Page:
Developing on Docker with the new and improved Visual Studio Container Tools (and WSL2)
I've been spending a lot of time with Docker lately. Docker Desktop on Windows is great and getting better every day. Now that WSL2 (Windows Subsystem for Linux) is rolling out stable over the coming weeks and Docker Desktop supports WSL to host Linux containers directly, I'm finding myself using Visual Studio to develop my sites under Docker.
Visual Studio Container Tools are actively improving as well and the latest release is pretty sweet. You likely already HAVE this as the Containers tool window is now included in Visual Studio 2019 starting with version 16.4 Preview 2 and above!
NOTE: Be sure to check out the Visual Studio Code Docker Extension as well!
First thing that is impressive is that Visual Studio now tries to help you get to a successful place with helpful guidance, as sometimes set up can be daunting.
When you create or open a Docker-enabled project:
- VS container tools help you install Docker Desktop
- VS container tools make sure Docker Desktop is running
You've got the Container Tools already if you've installed the Web or Azure Workload in Visual Studio 2019 and it is included in the free Visual Studio 2019 Community!
You can Docker-enable a project with a checkbox when you create it OR you can right click Add Docker Support after the fact.
When working with .NET Core the Container Tools will make a great multi-stage Dockerfile that encapsulates best practices. It uses Docker layering to build within Docker using the .NET SDK but then publishing into a smaller runtime container for the smallest possible resulting image for maximum density.
Debugging real systems with multiple containers has been a challenge in the past. VS2019 now has Container Orchestrator Support built-in. This screenshot shows Docker Compose appearing itself as a Debug Target within the standard VS2019 toolbar!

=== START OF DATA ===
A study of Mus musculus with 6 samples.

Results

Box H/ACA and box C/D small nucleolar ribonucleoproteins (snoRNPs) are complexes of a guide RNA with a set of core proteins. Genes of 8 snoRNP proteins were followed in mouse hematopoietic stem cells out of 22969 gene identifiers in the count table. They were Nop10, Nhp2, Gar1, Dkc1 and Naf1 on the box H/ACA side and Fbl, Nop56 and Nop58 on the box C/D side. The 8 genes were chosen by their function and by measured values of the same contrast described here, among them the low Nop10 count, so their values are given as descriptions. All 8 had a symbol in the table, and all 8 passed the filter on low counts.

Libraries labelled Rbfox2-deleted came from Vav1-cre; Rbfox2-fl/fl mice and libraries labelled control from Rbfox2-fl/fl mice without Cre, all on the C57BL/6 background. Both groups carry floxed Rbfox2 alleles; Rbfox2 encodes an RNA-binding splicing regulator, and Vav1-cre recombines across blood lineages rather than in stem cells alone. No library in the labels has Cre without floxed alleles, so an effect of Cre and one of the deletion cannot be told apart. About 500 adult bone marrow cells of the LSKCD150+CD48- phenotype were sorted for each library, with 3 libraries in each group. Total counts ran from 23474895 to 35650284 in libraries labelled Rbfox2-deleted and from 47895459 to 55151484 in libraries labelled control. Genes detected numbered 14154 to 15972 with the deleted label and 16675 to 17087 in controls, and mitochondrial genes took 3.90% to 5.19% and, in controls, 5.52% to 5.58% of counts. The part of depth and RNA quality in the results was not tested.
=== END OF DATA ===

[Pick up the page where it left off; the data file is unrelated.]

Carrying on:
Once you have a bunch of containers running, the Containers Tool finds a nice balance between showing you the text logs and getting out of your way but also giving you a GUI to start and stop and manage multiple running containers.
You can see below the images I have, the Solution Containers. I can even right click and Attach to Process within a running Linux container! Again, all using WSL2 and wicked fast.
Coming soon to Visual Studio! Native WSL2 debugging
I like my containers BUT if you just want to dev on Linux directly (no containers) then this is one of the "coming soons" that you'll be the most excited about - WSL 2 Debugging! Coming soon to the Marketplace as a preview with a plan to ship in future Visual Studio tooling releases, you'll be able to just select WSL2 (Linux) as a compilation and debug target! That means dev/test/run native Linux on Windows right from VS.
Remember that WSL2 uses a real Linux kernel so there's no emulators here. The WSL2 Linux starts up in about a second and you'll be debugging FAST. WSL2 is rolling out now!
That means breakpoints and full debugging on Linux from Visual Studio 2019 on Windows. Scott Hunter and I talked about this and showed a demo in our "Journey to One .NET" talk at BUILD this year that you can watch free here!
If you want all these nice Container Tools either install VS2019 or just run the Visual Studio Installer and UPDATE your existing installation.